Solitary Confinement and isolation from the world, led to the saddest and most brutal phase of our history of Independence struggle” Saza-e- Kalapaani “. Took a decade to complete in 1906, built by puce colored bricks, imported from Myanmar. There were no dormitories and a total of 693 cells.

The construction of cells prevented prisoners to communicate from each other. Even the cell spokes were designed such that the front spokes of the cell faced the back of the opposite cell. Communication between prisoners was curbed. Solitary confinement was such that the ‘Savarkar brothers’ didn’t know about each other for two years though they were in the same jail.

Cellular jail was inalienably linked to the long and glorious struggle of our revolutionary freedom movement fought on the mainland and it had deep political significance.

Building had seven wings… giving an impression of spokes of a bicycle wheel. The ventilator in every cell was located at a height of 3 meter; one cannot see the sky during his lifetime. In the silence of time, one can hear the sound of waves, passing wind and experience the struggle in the air.

Revolutionary patriots were forced to do Kohlu work in the oil-mill, long hours of work in the jungles involved hard labor, They worked in-spite of ill-health…many of them who lived were virtually reduced to skeletons, few committed suicide, many sent to asylum. We may not be able to sustain the brutality but the mould of the revolutionaries was different.

Every cell echoes cruelty stories of British rulers and hardships suffered by the prisoners in this isolated island. Every brick bore the testimony to the reality of horrors and begged question: does fighting for one’s human right, deserve such treatment?

Its been a long journey for the jail – from a torture machine to a national memorial, from a dreaded prison to a place of pilgrimage stand still as a mute witness to the torture faced by those courageous Indian men more than half a century ago.

A loincloth was given to each of the political prisoners for wearing while having a bath. It was so thin that it could hardly conceal any part of the body. They were in helpless condition the inmates hung their head in shame.

Each of these cells are stained with the blood of our freedom fighters, it still echoes the diabolic tyranny and the atrocities of the British.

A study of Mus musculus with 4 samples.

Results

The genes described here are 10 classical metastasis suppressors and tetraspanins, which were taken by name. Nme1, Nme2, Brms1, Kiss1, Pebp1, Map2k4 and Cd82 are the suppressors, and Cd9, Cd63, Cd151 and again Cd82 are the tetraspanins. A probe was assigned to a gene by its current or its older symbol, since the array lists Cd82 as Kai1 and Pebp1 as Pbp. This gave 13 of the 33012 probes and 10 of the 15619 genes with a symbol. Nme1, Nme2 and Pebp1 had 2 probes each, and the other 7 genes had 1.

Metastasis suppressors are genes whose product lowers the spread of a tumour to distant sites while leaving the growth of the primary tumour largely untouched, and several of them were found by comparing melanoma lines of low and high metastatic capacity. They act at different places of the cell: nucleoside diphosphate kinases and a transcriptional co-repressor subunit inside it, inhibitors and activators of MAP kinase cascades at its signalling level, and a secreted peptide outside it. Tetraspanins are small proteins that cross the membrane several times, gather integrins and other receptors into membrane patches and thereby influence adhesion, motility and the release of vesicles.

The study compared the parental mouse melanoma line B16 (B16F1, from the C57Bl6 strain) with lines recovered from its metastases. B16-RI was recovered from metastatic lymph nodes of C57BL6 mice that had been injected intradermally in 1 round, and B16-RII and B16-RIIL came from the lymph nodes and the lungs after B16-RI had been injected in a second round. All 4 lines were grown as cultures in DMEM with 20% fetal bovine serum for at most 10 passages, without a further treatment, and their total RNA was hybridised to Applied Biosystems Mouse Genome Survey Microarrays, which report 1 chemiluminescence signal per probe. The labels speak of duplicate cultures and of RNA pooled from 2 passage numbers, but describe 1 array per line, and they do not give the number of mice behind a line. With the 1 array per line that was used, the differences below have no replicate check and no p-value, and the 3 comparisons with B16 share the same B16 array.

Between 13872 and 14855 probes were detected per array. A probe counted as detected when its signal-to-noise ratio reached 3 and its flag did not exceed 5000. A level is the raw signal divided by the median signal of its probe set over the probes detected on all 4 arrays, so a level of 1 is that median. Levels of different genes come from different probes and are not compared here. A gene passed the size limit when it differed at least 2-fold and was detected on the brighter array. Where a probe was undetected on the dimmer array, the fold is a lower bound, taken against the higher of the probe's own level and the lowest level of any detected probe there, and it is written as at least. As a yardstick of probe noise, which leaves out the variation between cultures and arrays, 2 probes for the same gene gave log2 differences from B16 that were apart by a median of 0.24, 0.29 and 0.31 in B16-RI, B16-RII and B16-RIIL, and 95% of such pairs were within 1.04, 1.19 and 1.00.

Cells were dark and dingy with an entrance wide enough to let in one emaciated human figure at a time and a tiny vent up on the opposite wall. No toilets, each inmate was provided two bowls. One meant for food and the other one was to be used as a toilet.

The sloped awning covering it was so deep only a silver of light was visible at the bottom. There were no lamps provided in the cells and with these meager openings it was almost perpetually bathed in gloom. The cell outlets controlled the convict line of vision. For many cells, the convict could see nothing except the blank wall.

Very few have completed their full term and walked free from these corridors to the mainland, else people have left the hope of ever seeing their loved ones. Even if one gets through the term, he has awarded another term in some other jail or asked to settle down in one of island and work for Britishers for lifetime.

Gallows with noose made of manila ropes, prisoners were hanged till death. When the siren blared from the central watchtower it indicated that three martyrs had been hanged. At times, those who were placed on death row by the British government were executed in full view of all the other inmates of the jail.

A room underneath the gallows. This room has a small passage connects the sea, used to secretly flow the corpse into the sea. Even now during the high tide the water gets in to the room underneath the gallows.

Each prisoner was allowed only one pinch of salt per day. The terms which were used on daily basis were “Kanji” it means boiled rice churned in water, “Dabbu” kind of primitive spoon, made of a broken half coconut shell with a cane handle fixed to it.

Freedom does not come smoothly and the remaining of the cellular jail speak every bit of it of the barbarous treatment political prisoners underwent.